Mario Kart is one of the most popular and critically-acclaimed arcade racing series of all-time. When the first ever MK title on mobile devices was announced in 2018, we couldn't wait for it to be released. However, when Mario Kart Tour was released, we realised we didn't get the game that we were dreaming of.
So, what went wrong? Why is Mario Kart Tour a bad game? And is it really that bad? Here's our take!
A great platform to build on
Mario Kart is no stranger to mobile devices, albeit, this was the first entry on mobile and tablet. Mario Kart: Super Circuit was released for the Game Boy Advance back in 2001 to rave reviews. Mario Kart DS and Mario Kart 7 were also released to positive reviews when they launched on the Nintendo DS and 3DS, respectively.
So, with that form, you may think Mario Kart's debut on iOS and Android would've been a smooth transition. However, like many of Nintendo's mobile games, it's been a divisive entry at best.
Microtransactions make big problems
If there's anything that all gamers can unite on, it's their collective loathing of microtransactions.
Microtransactions are an almost "pay to win" system within video games and have been extremely controversial in recent years. It's one thing to have paid add-ons, but another to give those who have said add-ons a marked advantage over those that don't.
Plenty of adults play Mario Kart regularly, in fact, there are probably more people that are 18+ in MK's player base than under-18s. However, a sizeable percentage are children and Mario Kart is clearly marketed towards them. Some would argue that the microtransactions in games are akin to gambling, but that's a polarising issue.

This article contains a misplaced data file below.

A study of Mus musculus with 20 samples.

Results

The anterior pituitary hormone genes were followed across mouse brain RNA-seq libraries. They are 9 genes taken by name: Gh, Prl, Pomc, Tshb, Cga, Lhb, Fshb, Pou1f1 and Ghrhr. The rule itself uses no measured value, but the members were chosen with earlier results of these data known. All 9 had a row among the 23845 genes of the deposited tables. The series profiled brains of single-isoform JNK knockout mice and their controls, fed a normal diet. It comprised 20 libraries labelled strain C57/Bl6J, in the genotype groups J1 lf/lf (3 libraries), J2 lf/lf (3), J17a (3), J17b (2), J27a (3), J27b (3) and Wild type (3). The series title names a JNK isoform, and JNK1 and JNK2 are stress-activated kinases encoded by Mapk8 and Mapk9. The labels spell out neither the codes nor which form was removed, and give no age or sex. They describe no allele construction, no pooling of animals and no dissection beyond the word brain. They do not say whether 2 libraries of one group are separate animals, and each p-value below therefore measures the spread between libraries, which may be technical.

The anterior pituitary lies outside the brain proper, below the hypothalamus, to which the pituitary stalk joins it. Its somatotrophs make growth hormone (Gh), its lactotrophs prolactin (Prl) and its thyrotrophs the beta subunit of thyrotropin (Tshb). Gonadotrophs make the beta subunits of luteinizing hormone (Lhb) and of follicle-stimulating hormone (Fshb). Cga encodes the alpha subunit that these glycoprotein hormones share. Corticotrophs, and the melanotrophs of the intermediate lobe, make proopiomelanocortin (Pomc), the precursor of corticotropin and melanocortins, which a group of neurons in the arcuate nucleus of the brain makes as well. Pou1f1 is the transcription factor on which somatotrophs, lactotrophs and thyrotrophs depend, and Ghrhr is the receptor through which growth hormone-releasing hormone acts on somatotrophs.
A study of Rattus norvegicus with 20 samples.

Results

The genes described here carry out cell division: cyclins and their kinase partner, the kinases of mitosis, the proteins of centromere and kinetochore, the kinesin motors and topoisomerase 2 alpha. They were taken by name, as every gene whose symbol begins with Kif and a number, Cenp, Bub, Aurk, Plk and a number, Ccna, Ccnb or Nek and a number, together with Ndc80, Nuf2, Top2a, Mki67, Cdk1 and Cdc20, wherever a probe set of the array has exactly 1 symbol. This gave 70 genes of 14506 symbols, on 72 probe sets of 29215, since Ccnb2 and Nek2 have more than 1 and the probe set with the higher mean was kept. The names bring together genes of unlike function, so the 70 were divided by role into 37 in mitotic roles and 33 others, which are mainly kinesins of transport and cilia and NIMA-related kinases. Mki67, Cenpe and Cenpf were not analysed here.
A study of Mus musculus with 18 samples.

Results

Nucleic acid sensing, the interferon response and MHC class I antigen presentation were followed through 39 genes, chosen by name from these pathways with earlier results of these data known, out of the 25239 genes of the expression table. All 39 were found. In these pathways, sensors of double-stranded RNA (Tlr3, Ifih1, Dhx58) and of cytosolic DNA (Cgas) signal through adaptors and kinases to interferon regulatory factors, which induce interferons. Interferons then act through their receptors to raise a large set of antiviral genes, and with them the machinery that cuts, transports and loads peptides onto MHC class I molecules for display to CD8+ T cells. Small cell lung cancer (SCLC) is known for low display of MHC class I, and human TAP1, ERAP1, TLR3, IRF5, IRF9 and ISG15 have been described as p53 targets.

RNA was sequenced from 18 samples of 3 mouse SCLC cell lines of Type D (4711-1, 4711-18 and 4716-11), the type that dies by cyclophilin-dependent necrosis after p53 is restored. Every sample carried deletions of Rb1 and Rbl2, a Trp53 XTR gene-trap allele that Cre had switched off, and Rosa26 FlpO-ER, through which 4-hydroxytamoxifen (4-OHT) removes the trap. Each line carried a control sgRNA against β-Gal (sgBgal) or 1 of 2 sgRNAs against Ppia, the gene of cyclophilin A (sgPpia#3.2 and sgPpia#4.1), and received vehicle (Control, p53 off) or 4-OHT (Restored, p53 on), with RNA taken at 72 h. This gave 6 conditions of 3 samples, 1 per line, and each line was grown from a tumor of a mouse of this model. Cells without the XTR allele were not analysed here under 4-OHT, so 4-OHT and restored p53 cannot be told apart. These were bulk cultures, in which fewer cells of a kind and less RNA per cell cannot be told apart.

What isn't in doubt though, is that they shouldn't be in games to the extent they are now, especially on mobile platforms. For example, you cannot unlock the 200cc difficulty in MK Tour without subscribing to the game. For a mobile game that's free, that's incredibly deceptive tactics by Nintendo.
Something else that irks a lot of players is that Tour is strangely geared more towards single-player than multiplayer. For a mobile game and for one with a rich multiplayer history like Mario Kart, it's an odd decision to say the least.
It's not all bad, though
Despite Mario Kart Tour's obvious issues, it does have some bright spots. It's not a terrible game by any means and Tour is a victim of the series as a whole's success.
MK Tour's gameplay has been crafted well by Nintendo and feels like a true Mario Kart title. Despite the portrait orientation of the screen, the controls work well, even if they do take a little getting used to. Using items, the courses and the animations of the characters all feel authentic, which is never easy to achieve on a smaller screen.
The seasonal tours as well are a welcome breath of fresh air, as these are updated every two weeks. These new tours keep the game fresh and provide more content for the players.
Take the RPG series Mass Effect, for example. The original trilogy of games are all undeniable greats, even if you aren't a fan of certain elements of some of the entries.
ME Andromeda, in most people's books, is also a good game, but it's not on the level of ME1-3. Because of this, Andromeda is often branded as a bad game, when in reality it isn't, it's just disappointing compared to the titles that came before it.
Mario Kart Tour is similar to this, but Nintendo really didn't help themselves with the microtransactions. This game could've been great, but instead, Tour will go down as a huge missed opportunity.